Published April 19, 2005 1:13 am

Ed secretary says federal funds likely to be cut by up to $76M

The revelation came in a letter Monday from U.S. Secretary of Education Margaret Spellings to Utah Sen. Orrin Hatch. The letter responds to Hatch's request for input on state legislation - now known as House Bill 1001 - that would put Utah's school-accountability system ahead of No Child Left Behind (NCLB), President Bush's initiative to close the achievement gap between minority and white students.

''While the enactment of the bill itself does not guarantee noncompliance with NCLB, the implementation of a number of its provisions is likely to cause conflicts and trigger . . . [financial] consequences,'' Spellings wrote. ''Several principles in the bill are fundamentally troublesome, and appear to be designed to provoke noncompliance with federal law and needless confrontation.''

HB1001 gives school officials authority to ignore NCLB provisions that conflict with state education priorities or cost state dollars.

In jeopardy are $55 million in Title I funds for disadvantaged students, $19 million in Title II funds for teacher training and $2 million in Title V funds for parental-choice programs, Spellings wrote.

Hardest hit would be districts with large populations of low-income students, such as Salt Lake City, Granite and San Juan school districts.

"It's demoralizing news but not entirely surprising," said Charles Hausman, an associate superintendent in Salt Lake City district. "It's difficult to understand how anyone can support legislation that could put at risk $76 million for education of children when Utah already spends the least per pupil in the nation."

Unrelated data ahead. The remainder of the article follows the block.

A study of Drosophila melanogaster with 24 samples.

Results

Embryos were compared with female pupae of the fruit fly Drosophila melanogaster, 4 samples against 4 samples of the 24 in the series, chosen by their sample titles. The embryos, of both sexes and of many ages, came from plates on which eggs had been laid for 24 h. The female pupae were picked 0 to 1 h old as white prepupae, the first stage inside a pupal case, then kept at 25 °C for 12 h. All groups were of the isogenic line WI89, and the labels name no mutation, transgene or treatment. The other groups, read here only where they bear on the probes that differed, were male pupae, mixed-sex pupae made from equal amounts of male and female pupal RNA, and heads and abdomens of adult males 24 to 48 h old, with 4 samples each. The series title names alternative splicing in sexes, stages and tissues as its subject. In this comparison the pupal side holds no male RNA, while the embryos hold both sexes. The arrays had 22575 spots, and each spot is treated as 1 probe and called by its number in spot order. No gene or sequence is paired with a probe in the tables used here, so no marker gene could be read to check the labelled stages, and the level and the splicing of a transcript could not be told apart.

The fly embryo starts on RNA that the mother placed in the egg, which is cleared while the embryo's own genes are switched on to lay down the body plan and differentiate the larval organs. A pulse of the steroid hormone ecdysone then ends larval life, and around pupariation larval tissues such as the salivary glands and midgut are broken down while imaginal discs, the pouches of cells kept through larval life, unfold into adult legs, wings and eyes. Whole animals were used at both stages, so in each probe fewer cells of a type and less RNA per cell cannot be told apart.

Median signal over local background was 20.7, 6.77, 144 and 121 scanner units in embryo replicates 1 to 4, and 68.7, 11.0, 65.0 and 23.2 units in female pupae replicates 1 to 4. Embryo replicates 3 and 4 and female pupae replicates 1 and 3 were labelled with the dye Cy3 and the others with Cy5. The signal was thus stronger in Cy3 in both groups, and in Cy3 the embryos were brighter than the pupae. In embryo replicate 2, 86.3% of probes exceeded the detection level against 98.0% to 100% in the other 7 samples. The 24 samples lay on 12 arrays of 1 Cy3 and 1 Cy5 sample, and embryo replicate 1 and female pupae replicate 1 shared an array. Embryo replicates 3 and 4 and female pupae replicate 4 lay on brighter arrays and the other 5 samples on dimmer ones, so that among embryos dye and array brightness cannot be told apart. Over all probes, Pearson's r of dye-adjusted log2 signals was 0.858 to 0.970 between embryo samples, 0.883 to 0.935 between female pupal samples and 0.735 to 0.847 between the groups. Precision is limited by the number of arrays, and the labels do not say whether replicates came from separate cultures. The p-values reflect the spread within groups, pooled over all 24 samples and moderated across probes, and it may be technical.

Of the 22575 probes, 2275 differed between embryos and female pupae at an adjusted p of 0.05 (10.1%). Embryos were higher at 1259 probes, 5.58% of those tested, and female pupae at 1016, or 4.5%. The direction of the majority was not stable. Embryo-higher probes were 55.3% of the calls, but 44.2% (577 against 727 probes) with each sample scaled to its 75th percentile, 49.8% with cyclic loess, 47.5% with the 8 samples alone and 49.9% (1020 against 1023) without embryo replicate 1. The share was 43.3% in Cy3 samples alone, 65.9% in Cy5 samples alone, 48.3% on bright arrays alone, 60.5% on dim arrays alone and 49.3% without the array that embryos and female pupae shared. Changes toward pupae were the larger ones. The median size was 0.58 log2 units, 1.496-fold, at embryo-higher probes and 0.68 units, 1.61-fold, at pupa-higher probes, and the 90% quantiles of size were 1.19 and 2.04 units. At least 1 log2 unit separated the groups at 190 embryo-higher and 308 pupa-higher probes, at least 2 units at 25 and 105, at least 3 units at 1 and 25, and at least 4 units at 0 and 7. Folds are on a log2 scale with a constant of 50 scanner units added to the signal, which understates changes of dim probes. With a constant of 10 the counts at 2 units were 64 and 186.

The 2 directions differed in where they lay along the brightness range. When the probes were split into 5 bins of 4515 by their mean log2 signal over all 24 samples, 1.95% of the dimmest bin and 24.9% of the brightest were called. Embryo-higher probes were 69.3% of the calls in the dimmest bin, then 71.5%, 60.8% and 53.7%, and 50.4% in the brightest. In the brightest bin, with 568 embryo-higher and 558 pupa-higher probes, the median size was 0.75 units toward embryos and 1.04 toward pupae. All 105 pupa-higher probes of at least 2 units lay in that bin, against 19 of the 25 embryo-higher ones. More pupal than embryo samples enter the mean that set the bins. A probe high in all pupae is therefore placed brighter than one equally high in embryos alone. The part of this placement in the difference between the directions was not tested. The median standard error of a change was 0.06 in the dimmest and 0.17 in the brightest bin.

Preliminary figures from the state Office of Education show his district is expecting nearly $9 million from the three federal pots outlined by Spellings. Much of that money pays for extra teachers in disadvantaged schools.

State Schools Superintendent Patti Harrington, an ardent supporter of HB1001, acknowledged the loss would hurt students who need the most help. At the same time, she frowned on the department's ''threat.''

"I regret that the Department of Education continues to be an agency of threats to the state," she said Monday.

Harrington said the state Office of Education would not defy NCLB and risk the federal funds - unless mandated by the Legislature.

''I don't know how strong their directives will be,'' she said.

That will become clear today and Wednesday, as the Legislature debates HB1001 - known during the general session as House Bill 135.

Until recently, HB1001 has had overwhelming support from a wide swath of politically disparate groups, including the Eagle Forum and the Utah Education Association, not to mention unanimous endorsements from the House during the general session.

Some of that support has eroded as minority groups and lawmakers representing diverse districts began to foresee possible implications of the bill, such as weaker accountability for minority students' achievement.

Even so, Republican leaders have promised the bill's easy passage, and the governor's office reiterated its assurances that federal funds are not at risk.

"While the law would not put at risk Title I funds directly, state school officials would be required to act judiciously under the law in order to continue Title I and other federal funding sources for education," Huntsman attorney Mike Lee said in a prepared statement.